How accessible genome sequencing supports sustainable aquaculture
New, affordable technologies are changing the speed and cost at which full-genome sequences can be produced for diverse applications. For just one example, these advances are aiding the studies of the research group led by Dan Macqueen, professor at the Roslin Institute, looking at viruses affecting aquaculture.
“Sequencing of viral pathogens affecting aquaculture has mainly been done using Sanger sequencing, which is very low throughput. This provides valuable information, typically which viral strain (subtype) you have in a sample. However, it’s not very fine-grained data and takes a lot of time to process a lot of samples,” Macqueen explained.
Pointing to how things have changed, he noted a recent project focused on salmonid alphavirus1 infections on Atlantic salmon farms in Norway, which used a technology called a nanopore sequencer.
“It’s a portable sequencer, about the size of a big USB stick, that plugs into a laptop. In one single sequencing experiment, which took a few hours, we sequenced 96 different samples and obtained most of the virus genome back in each. This is transformative compared to how things have been commonly done until now,” he said.
“Such technologies are changing how we can monitor the evolution and spread of pathogens in farmed animals, because this work can be done very cost effectively, at a much greater scale than traditional methods.”
Tracking pathogens over time
A recent project on salmonid alphavirus mapped the spread of a subtype of the virus known as SAV2 between salmon farming regions using genomics — much the same as what was done with Covid-19, when there was an initial rush to establish transmission routes, he explained.
Sequencing, as seen in the pandemic, can also track how viruses change over time. This has helped establish what was behind recent outbreaks of infectious pancreatic necrosis (IPN) in salmon that have been vaccinated and bred for resistance to the IPN virus.
“The work that brought about genetic resistance of farmed salmon to IPN2 is a great example of applying genomic technologies to reduce disease outbreaks through breeding. But two studies3,4 sequenced IPN virus following recent disease outbreaks, revealing the virus is evolving to overcome human interventions that have been controlling it,” he said.
Wider impact requires collaboration
Bringing sequencing into the mainstream for disease surveillance may require “technology transfer” from academic to commercial and regulatory settings, Macqueen suggested. As part of this, a new PhD project led by Macqueen and co-funded by the Sustainable Aquaculture Innovation Centre and PHARMAQ is set to begin later this year.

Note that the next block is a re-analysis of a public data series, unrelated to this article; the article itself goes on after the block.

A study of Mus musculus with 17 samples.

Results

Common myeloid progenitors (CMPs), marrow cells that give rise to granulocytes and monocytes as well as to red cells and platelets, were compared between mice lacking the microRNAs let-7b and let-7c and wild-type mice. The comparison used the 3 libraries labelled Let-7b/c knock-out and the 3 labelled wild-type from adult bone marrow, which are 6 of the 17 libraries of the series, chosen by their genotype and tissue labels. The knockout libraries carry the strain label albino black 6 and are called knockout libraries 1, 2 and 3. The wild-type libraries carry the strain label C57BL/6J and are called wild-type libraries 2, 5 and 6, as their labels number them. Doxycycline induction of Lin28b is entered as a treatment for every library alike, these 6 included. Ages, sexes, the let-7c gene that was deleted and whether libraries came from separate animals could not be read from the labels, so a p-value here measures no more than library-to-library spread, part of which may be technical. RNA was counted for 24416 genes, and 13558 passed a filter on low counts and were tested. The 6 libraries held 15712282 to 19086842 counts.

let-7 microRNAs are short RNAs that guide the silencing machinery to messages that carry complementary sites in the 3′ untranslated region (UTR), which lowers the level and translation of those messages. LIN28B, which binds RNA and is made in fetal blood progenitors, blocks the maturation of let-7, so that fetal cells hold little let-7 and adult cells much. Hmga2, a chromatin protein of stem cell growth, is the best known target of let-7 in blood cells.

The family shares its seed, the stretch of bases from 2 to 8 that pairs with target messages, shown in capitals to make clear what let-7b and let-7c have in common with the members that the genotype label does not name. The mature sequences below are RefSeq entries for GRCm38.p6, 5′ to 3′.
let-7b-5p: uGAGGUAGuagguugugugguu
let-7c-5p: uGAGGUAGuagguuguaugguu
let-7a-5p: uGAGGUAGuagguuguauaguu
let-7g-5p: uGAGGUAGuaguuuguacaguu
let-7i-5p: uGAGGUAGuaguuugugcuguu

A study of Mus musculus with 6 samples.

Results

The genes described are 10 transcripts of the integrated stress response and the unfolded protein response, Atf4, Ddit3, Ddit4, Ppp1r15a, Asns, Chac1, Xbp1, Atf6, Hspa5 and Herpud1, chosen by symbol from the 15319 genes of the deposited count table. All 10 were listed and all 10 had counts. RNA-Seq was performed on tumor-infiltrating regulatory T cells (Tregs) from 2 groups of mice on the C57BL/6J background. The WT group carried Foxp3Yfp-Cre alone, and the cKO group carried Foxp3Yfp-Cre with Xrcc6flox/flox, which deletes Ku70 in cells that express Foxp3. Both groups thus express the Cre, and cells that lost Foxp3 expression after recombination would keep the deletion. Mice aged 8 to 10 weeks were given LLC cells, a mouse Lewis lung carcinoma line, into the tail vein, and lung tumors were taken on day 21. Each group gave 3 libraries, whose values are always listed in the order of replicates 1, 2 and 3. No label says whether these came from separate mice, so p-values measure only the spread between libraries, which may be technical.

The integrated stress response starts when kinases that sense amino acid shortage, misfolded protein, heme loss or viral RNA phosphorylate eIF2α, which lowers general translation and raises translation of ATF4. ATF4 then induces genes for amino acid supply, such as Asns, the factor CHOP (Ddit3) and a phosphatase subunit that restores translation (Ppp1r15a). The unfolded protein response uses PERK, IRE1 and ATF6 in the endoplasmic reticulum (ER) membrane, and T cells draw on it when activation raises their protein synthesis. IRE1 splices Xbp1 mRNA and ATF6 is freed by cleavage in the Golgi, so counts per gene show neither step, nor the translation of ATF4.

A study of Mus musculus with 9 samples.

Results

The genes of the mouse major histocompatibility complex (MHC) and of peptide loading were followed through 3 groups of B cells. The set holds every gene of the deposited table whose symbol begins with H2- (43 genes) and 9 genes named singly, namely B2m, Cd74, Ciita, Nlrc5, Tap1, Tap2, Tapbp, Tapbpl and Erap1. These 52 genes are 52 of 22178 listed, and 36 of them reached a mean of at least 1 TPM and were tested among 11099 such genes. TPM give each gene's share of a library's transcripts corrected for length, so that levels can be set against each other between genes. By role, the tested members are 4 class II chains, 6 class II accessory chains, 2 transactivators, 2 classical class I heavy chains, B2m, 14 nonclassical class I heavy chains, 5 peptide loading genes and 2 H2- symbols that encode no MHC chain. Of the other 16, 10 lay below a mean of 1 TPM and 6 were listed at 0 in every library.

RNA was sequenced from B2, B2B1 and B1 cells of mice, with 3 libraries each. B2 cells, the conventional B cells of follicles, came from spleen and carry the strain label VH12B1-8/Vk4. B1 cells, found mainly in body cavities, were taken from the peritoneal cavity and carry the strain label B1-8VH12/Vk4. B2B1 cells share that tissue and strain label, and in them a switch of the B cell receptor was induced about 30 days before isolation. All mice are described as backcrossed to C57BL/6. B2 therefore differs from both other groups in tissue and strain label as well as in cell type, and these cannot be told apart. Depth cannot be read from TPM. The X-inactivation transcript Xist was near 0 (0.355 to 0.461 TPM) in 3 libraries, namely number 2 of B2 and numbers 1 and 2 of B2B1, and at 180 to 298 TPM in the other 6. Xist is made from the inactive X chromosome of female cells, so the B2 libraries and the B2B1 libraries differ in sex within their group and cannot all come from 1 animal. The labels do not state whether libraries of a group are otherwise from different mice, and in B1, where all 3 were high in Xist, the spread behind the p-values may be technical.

The project will look to establish databases of virus sequences based on a regular supply of samples from Norway and Scotland, looking at different pathogens including salmonid alphavirus, IPN virus and piscine orthoreovirus. Enabled by affordable, high-throughput technologies, it will be the largest effort of its kind for these pathogens.
“I’m particularly interested in using genomic technologies to support the sustainability of aquaculture in this project to gain new information on recent pathogen spread and evolution, which can be used in future disease-mitigation measures,” he stressed.
“To be effective, such work requires collaboration and cooperation between different producers and regulators. We’re working in open water, so everybody has a stake in controlling the spread of transmissible diseases.”
1 Macqueen DJ, Eve O, Gundappa MK, Daniels RR, Gallagher MD, Alexandersen S, Karlsen M. Genomic epidemiology of salmonid alphavirus in Norwegian aquaculture reveals recent subtype-2 transmission dynamics and novel subtype-3 lineages. Viruses 2021;13(12):2549.
2 Houston RD, Bean TP, Macqueen DJ, Gundappa MK, Jin YH, Jenkins TL, Selly SLC, Martin SA, Stevens JR, Santos EM. Harnessing genomics to fast-track genetic improvement in aquaculture. Nat Rev Genet. 2020;21(7):389-409.
3 Benkaroun J, Muir KF, Allshire R, Tamer C, Weidmann M. Isolation of a new infectious pancreatic necrosis virus (IPNV) variant from a fish farm in Scotland. Viruses 2021;13(3):385.
4 Hillestad B, Johannessen S, Melingen GO, Moghadam HK. Identification of a new infectious pancreatic necrosis virus (IPNV) variant in Atlantic salmon (salmo salar L.) that can cause high mortality even in genetically resistant fish. Front Genet. 2021;12:635185.